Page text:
Getting this crucial Pick Up right every time will be easier if you select a static object which is in line with the ‘Pick Up Point’. That might be a bush or fencepost under the flight-path of the target, or a pylon or church spire somewhere in the distance. It does not matter what the object is, as long as it helps ensure your gun is pointing at the same Pick Up Point every time you call 'pull'. If you discipline yourself to this process for every target, you will quickly develop a very efficient and naturally reactive style of shooting. 

(4) The final part of the plan is deciding the ‘Kill Picture’, generally described as ‘Lead’ for the crossing target. The successful, experienced clay shot has built up a library of ‘Kill Pictures’ and the library never gets filled up because there is always a new target to figure out. The Kill Picture for this target looks like a gap of roughly six inches between the end of the barrels and the clay targets. To be absolutely clear about this, the Kill Picture is what is seen relating to the end of the barrels. What the distance of that gap is at the point of impact is irrelevant. If you’ve watched someone shooting a particular target consistently well, and you can’t figure out what the Kill Picture should be, ask them to describe what they saw when killing the target. Ask them to physically demonstrate the picture not just describe it as a measurement. That’s the planning complete and remember you’ll also need to apply it to ‘Doubles’. In its simplest form – Kill Point; Feet Position; Pick Up Point; Kill Picture.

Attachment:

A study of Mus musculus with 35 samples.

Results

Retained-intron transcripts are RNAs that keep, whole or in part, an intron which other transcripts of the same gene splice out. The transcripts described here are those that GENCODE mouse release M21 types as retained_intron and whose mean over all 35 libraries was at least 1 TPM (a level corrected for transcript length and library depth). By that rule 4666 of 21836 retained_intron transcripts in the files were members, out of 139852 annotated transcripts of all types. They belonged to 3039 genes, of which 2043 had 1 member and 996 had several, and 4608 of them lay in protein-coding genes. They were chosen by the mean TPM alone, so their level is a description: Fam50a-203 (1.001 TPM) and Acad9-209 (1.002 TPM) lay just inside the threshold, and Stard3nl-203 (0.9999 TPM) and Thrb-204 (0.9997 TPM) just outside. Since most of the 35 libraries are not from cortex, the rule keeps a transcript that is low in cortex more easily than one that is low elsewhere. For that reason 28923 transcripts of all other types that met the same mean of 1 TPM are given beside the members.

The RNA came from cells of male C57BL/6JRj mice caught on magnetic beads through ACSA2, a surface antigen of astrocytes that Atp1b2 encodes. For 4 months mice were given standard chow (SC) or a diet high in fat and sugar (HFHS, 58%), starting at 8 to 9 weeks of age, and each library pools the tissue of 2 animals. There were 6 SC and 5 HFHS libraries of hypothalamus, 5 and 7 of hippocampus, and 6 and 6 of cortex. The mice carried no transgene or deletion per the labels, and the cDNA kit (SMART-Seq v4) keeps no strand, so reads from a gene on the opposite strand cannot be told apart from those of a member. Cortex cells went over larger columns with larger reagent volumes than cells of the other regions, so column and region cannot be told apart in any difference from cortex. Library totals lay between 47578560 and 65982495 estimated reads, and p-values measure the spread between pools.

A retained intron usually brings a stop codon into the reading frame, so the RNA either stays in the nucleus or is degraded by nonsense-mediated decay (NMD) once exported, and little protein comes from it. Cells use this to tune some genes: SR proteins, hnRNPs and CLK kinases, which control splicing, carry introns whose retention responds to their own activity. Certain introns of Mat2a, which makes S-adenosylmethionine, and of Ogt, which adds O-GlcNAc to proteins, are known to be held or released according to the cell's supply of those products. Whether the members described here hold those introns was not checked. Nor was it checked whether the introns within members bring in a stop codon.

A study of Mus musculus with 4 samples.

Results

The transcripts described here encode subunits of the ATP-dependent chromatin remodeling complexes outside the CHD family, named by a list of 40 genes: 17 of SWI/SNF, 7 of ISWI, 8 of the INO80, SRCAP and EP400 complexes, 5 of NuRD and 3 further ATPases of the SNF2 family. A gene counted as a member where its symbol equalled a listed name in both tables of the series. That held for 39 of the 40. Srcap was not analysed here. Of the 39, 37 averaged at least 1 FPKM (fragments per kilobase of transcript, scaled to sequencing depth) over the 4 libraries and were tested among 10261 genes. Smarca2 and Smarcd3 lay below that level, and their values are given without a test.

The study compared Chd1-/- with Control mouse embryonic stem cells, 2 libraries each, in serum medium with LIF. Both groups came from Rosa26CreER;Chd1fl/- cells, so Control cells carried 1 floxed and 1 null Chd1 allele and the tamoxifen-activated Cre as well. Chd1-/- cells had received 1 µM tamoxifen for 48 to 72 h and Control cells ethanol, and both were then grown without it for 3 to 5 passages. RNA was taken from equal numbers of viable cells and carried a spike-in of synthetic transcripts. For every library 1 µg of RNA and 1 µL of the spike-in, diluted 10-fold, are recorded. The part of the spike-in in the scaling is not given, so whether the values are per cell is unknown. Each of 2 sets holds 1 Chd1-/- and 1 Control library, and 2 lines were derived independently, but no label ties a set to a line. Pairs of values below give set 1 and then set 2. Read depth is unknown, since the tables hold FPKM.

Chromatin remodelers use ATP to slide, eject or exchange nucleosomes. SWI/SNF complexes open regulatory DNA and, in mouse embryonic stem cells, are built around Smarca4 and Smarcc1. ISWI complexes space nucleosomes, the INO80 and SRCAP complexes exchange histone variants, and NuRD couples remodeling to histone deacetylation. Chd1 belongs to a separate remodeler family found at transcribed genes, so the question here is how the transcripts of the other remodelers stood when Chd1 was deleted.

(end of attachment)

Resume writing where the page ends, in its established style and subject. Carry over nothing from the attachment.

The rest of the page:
Now for the physical process – set the feet to the Kill Point; point the barrels at the Kill Point; wind the barrels back along the expected flight-path of the cross target;

stop the barrels when they reach the Pick Up Point. Pause and mentally rehearse the Kill Picture, see it in your mind. Call 'pull', point at the target, move with the target, make a controlled acceleration of your left hand (my word for this movement is ‘Push’). Fire when you’ve made the Kill Picture. It really is that simple; but remember I described the Kill Picture as 'roughly six inches'. Never try to measure the picture as an exact distance – that will create a ‘making certain hesitation’ and you’ll miss.

Clay shooting (sporting clays) is much more art than science and much more fun that way!